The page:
SFUSD teachers should have higher starting salaries

Emily Yee

Teachers are important to the success of students’ well-being and academic journey. If they are integral members of our society, why are they struggling to make ends meet? The answer is quite simple: They are not being paid enough.

Teachers have always had the short end of the stick when it comes to their wage. According to a recent 2023 survey conducted by United Educators of San Francisco (UEF), 96% of UESF members voiced that a salary increase was very important in addressing teachers’ needs. Starting in April of 2023, UESF members have passed proposals, urging the district to increase teachers’ salaries, as well as improve working conditions, instill fully-staffed schools, and protection from poor management decisions.

SFUSD teachers should have higher starting salaries. 

Although increasing salaries appears to be a direct solution in solving this issue, finding the money to boost their salaries is difficult. To award teachers who are going above and beyond, the city offers financial and equity incentives like the Mayor’s Office Stipend and money for National Board Certification members. These incentives give teachers salary boosts which range from $1,000 to $5,000. These surpluses, however, are still not enough. They are small incentives that have narrow criterias, meaning the majority of teachers do not benefit from it. Instead, raising salaries are more effective in rewarding teachers for their efforts.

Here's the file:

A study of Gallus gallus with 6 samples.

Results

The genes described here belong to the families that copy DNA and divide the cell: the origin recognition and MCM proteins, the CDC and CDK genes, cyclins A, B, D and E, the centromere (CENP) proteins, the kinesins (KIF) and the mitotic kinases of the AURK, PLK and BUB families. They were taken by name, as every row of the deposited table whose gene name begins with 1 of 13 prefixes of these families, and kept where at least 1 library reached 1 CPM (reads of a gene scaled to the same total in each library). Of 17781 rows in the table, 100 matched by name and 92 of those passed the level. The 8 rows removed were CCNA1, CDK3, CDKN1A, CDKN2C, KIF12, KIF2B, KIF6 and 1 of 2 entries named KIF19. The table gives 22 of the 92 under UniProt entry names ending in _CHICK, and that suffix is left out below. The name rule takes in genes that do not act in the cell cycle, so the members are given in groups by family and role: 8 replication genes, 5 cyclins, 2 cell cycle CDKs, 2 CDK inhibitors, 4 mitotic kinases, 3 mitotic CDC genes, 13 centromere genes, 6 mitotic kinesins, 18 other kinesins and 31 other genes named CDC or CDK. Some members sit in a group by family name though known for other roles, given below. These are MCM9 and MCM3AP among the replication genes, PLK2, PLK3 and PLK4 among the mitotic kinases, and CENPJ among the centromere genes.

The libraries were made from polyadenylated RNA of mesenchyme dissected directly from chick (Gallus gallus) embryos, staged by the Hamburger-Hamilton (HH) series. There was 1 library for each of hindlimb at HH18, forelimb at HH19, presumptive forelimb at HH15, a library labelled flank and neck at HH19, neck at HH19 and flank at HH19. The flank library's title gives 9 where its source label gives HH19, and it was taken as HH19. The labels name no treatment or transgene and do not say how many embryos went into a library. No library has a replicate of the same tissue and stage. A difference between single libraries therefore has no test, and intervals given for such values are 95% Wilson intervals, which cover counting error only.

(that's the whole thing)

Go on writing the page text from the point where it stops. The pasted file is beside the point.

Teachers have always had the short end of the stick when it comes to their wage.

If there’s one word that could encapsulate San Francisco, it would be expensive.   Teachers educate the future generation of lawyers, politicians, and doctors, so the least we can do as a society is to provide them a living wage. According to Rent Cafe, the cost of living in San Francisco is 28 percent higher than the state’s average and 79 percent higher than the national average. Currently, the starting salary for a new teacher with credentials is $63,458, which is not enough for San Francisco’s living standard. As a result, many teachers struggle financially. “We need a much higher salary in one of the wealthiest cities on the planet,” an educator said. “Too many of us are working other jobs to make ends meet.” 

Emily Yee

The low pay makes teaching a dying profession. According to Education Week, interest in the job has dropped 50 percent since the 1990s and 38 percent since 2010. While there are multiple factors that explain this large decline, low-pay is a major contributor to this problem. If we don’t increase teachers salaries, sooner or later, there won’t be any teachers left to teach in our classrooms. 

We need to support teachers’ well being as they do for students. SFUSD should increase teachers’ starting salaries in order for them to sustain a living in San Francisco.